To be honest, it was the pandemic that triggered me to get my ears tested. I’ve always had the ringing in my ear, tinnitus, or at least since my early teens, but it would come and go and sometimes I wouldn’t even notice it.
When everyone started wearing masks though, I was getting frustrated as I felt I wasn’t getting the full story in conversations and meetings. I just felt like I was saying ‘What? Pardon? Can you say that again please?’ all the time.
It got so bad that, last summer, I popped into my local optician for a free hearing test and I was referred to audiology for further tests. These tests confirmed I have moderate sensorineural hearing loss in both ears, which I’ve either had since birth or is early onset for an age-related condition. What it means in practice is I can struggle with hearing low volumes or high frequency tones and sometimes I miss words in a sentence which then means the sentence doesn’t make sense to me.
Lots of things suddenly made sense
My diagnosis didn’t come as a complete surprise. In a way, it was a bit of a relief as I was getting so frustrated and lots of things suddenly made sense. In work meetings and conversations for example, someone would be saying something to me and at times I didn’t get any of it, but everyone else did and they were carrying on the conversation without me. I’d be really tired from having to concentrate so much on hearing things on Zoom calls that work was starting to get difficult.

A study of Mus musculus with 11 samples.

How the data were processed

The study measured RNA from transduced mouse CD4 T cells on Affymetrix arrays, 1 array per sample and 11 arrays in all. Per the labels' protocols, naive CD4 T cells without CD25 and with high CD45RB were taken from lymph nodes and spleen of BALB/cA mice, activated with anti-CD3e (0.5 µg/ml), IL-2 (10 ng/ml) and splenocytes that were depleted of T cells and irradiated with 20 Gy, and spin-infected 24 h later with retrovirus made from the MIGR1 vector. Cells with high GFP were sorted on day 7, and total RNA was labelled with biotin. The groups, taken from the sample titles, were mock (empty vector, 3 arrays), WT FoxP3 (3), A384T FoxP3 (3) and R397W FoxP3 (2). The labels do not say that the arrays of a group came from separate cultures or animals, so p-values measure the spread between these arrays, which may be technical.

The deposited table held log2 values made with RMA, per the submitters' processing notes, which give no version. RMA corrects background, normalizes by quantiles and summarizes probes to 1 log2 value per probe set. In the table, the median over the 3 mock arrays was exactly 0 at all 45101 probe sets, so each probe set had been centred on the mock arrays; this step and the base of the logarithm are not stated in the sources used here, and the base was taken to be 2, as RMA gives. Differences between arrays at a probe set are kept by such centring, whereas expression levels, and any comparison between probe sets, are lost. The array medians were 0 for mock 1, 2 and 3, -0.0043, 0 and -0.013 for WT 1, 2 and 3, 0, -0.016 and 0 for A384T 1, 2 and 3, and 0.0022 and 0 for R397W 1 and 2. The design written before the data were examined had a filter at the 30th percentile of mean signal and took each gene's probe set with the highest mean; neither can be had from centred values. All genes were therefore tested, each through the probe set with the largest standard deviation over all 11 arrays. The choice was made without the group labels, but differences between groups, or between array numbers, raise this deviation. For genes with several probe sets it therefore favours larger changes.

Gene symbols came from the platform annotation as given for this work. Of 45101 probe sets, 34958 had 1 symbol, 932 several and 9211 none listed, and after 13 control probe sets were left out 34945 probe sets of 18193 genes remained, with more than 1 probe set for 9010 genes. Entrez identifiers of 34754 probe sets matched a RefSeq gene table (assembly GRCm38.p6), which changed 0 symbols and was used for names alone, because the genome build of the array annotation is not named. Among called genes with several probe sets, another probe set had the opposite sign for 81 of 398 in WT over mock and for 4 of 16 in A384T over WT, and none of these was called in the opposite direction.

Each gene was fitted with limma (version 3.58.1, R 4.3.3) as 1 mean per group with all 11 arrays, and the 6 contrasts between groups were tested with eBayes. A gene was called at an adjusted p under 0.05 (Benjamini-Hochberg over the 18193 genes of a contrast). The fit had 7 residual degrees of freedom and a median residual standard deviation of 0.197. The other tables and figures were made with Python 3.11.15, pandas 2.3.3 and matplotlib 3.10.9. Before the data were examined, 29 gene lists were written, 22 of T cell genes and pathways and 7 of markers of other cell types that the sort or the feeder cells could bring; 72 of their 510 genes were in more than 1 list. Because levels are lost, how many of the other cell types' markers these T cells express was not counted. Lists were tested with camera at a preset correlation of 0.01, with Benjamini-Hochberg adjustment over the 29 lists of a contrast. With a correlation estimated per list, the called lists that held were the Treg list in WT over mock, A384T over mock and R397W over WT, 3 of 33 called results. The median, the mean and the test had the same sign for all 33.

A positive journey
The support I’ve had from my colleagues and NatWest Group since my diagnosis has been amazing. I got hearing aids in October and my line manager was really good throughout. She arranged as assessment with HR who then arranged a review with the Royal National Institute for Deaf People (RNID) who did a report too. All this happened before Christmas, which felt really quick as I thought there would be a backlog because of the pandemic.
In January, I had a meeting with HR to go through the RNID report and their recommendations and, from that, I got a Roger Pen - a portable wireless microphone that is used in combination with hearing aids and can be conveniently used where additional support is needed over distance and in loud noise. It came within a couple of weeks and has been a massive help. Before that I was having to switch between speakers and headsets and if my phone rang, it was really awkward.